Community Members,

To keep our patrons and employees out of harm’s way, the Library will not be open for regular business until at least Wednesday, April 8. Of course this timeline is subject to change based on the latest recommendations from health professionals. By preventing people from gathering together, we can slow-down the spread of this dangerous virus.

The Library has stopped charging for overdue materials and we will waive existing fines. Due dates for checked-out items will adjust with our closure dates. For your safety and ours, please do not return materials while we are closed.

Though the building is not accessible for now, the Library still provides a number of resources you can use from home. Staff members are adding updates to our website and Facebook page on a daily basis. You may download e-books and audiobooks; stream movies, television shows and music; read digital newspapers and magazines; and participate in online classes. Explore the website for more information about virtual opportunities and be sure to check-out the Library’s Local History page. There are all kinds of great images and descriptions about Oak Lawn’s past.

We are now looking at ways to provide limited remote services to patrons. Be sure to stay connected through our website and our social media outlets for updates. And please, please, please continue to take all necessary precautions.

We hope to see you back at the Library very soon,
Jim Deiters, Director

Caudill Book of the Week!

Have you read any of the 2018 Caudill Books?

20 books are nominated every year for the Caudill Award, and they are displayed in the Youth Services Department.

Take a look at our staff review for this week’s featured book!

The Seventh Most Important Thing

By: Shelley Pearsall

Lexile Level: 760L

Pages: 288

Thirteen-year-old Arthur Owens is devastated by the death of his father, and angry that his mother has disposed of his father’s things. When he sees the neighborhood’s “junk man” wearing his father’s old hat, he hurls a brick at the man, breaking his arm. Arrest and a court date follow, and Arthur’s sentence consists of helping the junk man, James Hampton, by taking over his rounds, rooting through the neighborhood’s trash cans for what James calls “the seven most important things” – glass bottles, foil, cardboard, pieces of wood, light bulbs, coffee cans, and mirrors. As the weeks pass, Arthur learns why those things are so important, and in doing so, learns about friendship, art and redemption.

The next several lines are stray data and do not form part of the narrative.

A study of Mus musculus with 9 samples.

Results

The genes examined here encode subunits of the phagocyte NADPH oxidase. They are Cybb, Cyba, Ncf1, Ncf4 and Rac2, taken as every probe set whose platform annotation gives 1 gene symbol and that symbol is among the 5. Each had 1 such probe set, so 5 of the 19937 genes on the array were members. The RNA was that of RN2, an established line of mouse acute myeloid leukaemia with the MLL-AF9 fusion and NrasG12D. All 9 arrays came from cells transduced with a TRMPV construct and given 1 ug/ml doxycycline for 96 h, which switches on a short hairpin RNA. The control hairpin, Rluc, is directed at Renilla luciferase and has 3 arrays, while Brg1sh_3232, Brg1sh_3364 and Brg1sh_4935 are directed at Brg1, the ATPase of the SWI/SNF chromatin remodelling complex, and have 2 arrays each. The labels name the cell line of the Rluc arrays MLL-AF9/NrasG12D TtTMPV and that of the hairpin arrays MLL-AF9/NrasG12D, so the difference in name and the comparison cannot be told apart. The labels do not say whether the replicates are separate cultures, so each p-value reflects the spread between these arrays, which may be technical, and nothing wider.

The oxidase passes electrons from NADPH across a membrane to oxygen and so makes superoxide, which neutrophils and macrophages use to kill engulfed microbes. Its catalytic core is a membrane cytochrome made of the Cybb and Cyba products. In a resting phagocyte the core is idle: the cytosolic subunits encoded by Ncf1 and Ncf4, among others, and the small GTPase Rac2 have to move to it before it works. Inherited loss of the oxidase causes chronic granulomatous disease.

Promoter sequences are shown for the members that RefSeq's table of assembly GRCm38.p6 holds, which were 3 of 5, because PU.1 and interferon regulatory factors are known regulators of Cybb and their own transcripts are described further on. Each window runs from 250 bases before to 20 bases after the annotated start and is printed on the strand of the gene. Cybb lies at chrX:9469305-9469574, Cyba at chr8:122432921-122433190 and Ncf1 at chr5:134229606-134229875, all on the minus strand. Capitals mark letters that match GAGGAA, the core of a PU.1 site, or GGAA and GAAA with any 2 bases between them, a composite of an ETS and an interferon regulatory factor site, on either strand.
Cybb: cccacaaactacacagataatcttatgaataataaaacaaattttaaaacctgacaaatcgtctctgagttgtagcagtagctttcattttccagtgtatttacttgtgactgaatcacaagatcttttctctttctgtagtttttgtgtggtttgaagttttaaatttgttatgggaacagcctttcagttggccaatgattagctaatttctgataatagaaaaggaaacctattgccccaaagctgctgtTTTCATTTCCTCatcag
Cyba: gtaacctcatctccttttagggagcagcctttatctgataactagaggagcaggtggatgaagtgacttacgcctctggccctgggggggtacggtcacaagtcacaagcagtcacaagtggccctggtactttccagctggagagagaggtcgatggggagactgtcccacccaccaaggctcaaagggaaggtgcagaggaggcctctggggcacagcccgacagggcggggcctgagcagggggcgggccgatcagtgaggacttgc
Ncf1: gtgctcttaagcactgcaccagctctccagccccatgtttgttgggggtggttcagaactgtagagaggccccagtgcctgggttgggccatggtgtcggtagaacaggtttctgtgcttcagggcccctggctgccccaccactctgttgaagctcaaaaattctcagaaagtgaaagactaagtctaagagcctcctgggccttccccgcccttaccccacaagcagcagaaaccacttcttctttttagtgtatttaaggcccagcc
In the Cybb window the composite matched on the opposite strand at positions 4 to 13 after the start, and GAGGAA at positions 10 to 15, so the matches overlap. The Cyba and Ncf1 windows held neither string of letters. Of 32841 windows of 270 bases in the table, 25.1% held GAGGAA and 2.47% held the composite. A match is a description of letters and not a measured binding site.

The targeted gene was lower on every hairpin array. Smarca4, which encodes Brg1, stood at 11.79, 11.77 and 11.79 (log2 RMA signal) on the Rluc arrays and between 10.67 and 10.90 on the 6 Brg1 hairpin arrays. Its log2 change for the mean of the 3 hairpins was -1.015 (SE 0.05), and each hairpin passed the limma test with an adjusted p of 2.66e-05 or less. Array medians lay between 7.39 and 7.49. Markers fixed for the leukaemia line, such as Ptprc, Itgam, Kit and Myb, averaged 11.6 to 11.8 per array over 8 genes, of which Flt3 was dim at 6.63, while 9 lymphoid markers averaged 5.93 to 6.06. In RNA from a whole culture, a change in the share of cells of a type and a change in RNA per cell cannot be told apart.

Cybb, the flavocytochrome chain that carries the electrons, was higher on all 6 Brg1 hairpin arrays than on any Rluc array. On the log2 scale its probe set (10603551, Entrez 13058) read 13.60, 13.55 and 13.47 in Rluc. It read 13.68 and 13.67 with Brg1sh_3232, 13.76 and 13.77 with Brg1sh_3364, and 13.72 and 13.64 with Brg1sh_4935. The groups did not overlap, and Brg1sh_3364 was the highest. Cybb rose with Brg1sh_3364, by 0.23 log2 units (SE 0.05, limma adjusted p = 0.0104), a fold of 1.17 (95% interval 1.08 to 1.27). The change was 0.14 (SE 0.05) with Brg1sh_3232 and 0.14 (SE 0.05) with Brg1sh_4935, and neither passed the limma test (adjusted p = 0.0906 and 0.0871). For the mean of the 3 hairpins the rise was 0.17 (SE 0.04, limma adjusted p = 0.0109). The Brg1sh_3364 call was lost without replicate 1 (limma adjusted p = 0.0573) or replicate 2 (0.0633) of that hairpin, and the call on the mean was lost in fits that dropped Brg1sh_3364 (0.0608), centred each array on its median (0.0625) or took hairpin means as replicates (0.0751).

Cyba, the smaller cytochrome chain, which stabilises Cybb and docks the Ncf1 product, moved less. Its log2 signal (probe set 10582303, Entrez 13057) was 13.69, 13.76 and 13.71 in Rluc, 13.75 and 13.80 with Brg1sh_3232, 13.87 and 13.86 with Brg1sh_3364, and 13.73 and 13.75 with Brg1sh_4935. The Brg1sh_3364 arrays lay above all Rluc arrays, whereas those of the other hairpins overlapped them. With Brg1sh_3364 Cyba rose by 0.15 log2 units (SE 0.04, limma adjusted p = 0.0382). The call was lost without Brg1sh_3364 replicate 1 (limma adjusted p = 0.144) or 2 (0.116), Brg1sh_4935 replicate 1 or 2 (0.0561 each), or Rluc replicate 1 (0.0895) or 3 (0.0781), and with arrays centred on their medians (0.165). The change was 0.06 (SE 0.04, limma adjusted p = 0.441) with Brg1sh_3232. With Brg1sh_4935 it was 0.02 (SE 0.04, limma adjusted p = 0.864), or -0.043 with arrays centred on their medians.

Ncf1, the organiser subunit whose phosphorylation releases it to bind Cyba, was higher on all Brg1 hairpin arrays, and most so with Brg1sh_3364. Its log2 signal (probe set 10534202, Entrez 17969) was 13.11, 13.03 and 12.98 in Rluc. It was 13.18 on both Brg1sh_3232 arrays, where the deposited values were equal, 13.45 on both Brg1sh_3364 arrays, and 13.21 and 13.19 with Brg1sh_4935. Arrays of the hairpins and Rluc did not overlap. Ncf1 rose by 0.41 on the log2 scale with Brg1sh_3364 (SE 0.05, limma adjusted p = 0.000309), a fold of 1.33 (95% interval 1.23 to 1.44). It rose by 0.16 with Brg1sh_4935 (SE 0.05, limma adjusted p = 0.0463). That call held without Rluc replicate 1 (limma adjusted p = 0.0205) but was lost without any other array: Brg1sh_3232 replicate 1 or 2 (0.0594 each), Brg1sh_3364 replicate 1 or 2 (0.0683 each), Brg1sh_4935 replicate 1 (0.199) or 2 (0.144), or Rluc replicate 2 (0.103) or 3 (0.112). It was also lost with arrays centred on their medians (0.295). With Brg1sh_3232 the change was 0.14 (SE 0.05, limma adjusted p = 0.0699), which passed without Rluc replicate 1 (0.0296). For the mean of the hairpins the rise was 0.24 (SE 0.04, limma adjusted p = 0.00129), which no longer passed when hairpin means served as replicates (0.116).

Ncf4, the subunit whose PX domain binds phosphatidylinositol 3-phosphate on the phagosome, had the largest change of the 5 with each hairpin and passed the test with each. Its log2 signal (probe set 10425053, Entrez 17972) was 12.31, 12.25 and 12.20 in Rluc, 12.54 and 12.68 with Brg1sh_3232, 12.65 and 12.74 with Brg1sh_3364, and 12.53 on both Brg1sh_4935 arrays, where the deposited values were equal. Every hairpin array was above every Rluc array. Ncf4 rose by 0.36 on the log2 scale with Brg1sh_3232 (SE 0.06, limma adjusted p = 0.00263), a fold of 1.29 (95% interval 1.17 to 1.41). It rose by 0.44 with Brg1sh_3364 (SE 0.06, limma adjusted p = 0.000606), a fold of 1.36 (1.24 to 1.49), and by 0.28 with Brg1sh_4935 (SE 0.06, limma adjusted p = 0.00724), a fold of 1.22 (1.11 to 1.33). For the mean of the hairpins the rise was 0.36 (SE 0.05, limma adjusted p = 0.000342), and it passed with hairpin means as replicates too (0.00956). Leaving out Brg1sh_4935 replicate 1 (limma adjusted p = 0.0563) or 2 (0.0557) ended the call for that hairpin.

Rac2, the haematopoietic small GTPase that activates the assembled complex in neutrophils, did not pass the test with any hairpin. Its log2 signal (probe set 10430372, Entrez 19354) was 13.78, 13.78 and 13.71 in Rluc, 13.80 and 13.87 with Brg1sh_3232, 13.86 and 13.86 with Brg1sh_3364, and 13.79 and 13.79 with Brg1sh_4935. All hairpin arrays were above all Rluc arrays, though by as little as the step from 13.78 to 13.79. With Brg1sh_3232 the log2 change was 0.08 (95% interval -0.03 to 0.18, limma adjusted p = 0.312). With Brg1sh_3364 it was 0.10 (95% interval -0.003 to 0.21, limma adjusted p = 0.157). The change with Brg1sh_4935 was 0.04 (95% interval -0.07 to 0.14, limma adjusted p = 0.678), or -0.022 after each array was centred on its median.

The story is set in 1963, and the figure of James Hampton is based on the folk artist of the same name. Arthur is a relatable middle-school boy with an ordinary life who must cope with a host of changes. The arc of their story shows, in a graceful and believable way, how people can overcome painful losses to find connection, growth, and love. I highly recommend this moving and inspiring book.

Stars 5 out of 5

Reviewed By: Mary Donovan


Click here for a list of all 20 Caudill Nominees!

Created by Jen Trotta on May 3rd, 2017 @ 9:29 AM.
Updated on Jun 12th, 2017 @ 10:27 AM.